Cricket SA must show some spine and act on Majola
The Times Editorial: Gerald Majola is a difficult man to get out. Like one of those gritty batsmen who is all solid bat-and-pad defence with unshakeable powers of concentration, the CEO of Cricket SA is defending his wicket as if his very life depended on it - which it probably does, if it's his professional life.
Yesterday Majola again revealed what a redoubtable opponent he can be. The entire country, it seems, wants him out. He has brought cricket's reputation to a low point at which fingers of suspicion are pointed at it virtually every day. The game has been unable to attract a top-line sponsor since the scandal of bonus payments began to sink into the nation's consciousness.
When Judge Chris Nicholson's committee recommended last week that Majola face severe sanction, it seemed that his resignation, or suspension at the very least, was imminent. Yesterday he defied that prediction with a verbal assault on the judge, and an application that he be sent on holiday so that he can prepare his defence.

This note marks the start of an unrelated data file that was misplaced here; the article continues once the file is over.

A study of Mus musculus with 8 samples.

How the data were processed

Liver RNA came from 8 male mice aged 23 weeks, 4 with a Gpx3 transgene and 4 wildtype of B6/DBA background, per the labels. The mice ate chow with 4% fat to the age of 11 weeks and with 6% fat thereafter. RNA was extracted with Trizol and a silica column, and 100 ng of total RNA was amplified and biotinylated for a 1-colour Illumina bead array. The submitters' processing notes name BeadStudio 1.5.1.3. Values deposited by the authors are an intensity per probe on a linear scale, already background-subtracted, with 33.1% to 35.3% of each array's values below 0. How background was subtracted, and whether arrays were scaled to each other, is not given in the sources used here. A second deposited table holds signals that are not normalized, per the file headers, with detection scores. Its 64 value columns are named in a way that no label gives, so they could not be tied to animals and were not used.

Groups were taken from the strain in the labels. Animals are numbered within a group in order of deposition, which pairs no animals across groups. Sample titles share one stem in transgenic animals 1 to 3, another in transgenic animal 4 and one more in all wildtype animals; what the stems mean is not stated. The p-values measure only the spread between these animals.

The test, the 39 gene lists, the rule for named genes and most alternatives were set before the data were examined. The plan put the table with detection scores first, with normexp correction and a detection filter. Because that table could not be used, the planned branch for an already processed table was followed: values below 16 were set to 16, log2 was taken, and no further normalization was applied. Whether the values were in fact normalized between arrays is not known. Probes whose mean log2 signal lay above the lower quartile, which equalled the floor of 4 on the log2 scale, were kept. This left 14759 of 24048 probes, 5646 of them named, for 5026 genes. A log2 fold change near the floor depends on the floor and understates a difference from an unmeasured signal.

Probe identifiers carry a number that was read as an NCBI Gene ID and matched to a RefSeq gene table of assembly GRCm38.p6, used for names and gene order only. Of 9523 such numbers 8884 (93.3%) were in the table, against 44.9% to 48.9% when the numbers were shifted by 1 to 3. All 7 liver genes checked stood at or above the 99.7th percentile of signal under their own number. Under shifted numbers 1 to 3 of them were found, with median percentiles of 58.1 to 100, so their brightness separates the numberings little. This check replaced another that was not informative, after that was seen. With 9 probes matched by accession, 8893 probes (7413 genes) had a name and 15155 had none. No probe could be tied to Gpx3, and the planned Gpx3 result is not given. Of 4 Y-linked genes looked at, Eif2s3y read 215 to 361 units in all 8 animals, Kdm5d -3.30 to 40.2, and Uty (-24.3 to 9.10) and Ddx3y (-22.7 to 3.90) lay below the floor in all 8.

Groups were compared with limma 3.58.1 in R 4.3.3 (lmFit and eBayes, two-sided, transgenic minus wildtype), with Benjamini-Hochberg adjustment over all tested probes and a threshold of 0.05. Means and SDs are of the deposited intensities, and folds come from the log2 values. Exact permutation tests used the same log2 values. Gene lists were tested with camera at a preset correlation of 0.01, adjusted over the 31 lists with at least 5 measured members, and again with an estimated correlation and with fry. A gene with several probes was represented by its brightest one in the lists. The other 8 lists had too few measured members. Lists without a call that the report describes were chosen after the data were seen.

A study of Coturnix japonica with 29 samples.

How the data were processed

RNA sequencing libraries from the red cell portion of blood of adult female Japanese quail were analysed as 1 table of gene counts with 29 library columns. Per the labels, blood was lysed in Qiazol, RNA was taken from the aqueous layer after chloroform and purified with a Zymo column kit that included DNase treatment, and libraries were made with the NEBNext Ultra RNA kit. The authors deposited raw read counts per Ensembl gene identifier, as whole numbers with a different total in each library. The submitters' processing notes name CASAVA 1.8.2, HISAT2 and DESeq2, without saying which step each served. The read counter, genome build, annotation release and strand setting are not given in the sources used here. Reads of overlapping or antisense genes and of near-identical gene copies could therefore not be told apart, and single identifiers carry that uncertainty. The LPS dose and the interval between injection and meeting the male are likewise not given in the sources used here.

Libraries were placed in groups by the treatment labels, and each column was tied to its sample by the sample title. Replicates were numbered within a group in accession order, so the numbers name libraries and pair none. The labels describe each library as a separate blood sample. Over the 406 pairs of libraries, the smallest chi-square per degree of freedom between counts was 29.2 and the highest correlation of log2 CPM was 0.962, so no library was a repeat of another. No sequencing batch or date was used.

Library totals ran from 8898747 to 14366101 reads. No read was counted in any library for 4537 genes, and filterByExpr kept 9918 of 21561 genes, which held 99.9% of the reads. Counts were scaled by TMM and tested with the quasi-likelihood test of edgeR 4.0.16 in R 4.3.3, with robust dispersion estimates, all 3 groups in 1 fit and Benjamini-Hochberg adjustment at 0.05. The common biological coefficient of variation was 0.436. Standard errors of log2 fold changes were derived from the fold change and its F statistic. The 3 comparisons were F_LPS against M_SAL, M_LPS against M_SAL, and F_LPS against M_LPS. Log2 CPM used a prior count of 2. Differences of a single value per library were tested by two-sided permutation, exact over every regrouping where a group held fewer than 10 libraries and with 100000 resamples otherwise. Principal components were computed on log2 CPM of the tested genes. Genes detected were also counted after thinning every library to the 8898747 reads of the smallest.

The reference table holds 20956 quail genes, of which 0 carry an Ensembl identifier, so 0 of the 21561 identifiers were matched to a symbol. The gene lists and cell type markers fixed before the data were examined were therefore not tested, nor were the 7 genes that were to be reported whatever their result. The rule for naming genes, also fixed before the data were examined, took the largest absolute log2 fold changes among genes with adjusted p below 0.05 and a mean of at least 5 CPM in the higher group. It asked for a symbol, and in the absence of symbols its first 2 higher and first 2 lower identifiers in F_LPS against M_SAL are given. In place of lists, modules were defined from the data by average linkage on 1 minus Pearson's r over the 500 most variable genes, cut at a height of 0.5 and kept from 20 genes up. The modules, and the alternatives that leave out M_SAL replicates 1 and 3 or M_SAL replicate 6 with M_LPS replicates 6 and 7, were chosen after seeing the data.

Just how Majola's employers - the board of Cricket SA - will respond to his latest tactic might be revealed on Saturday but it is clear that he again has the members in a corner. They have been afraid to act against him despite overwhelming evidence of poor management, reckless financial dealings (he paid himself a bonus of R1.8-million without permission, for goodness' sake!) and acting as if he were accountable to no one.
The board will now need to show the spine it has so far lacked for the crisis to be resolved. There appear to be some stirrings in that direction, but who can tell? They have buckled under Majola before.
The board needs the courage to act decisively by suspending Majola and then applying for an independent person to conduct his disciplinary hearing. Pay Majola his salary during this time, by all means - but be aware that also paying his legal costs would be another scandal.
Majola needs to fight that battle on his own.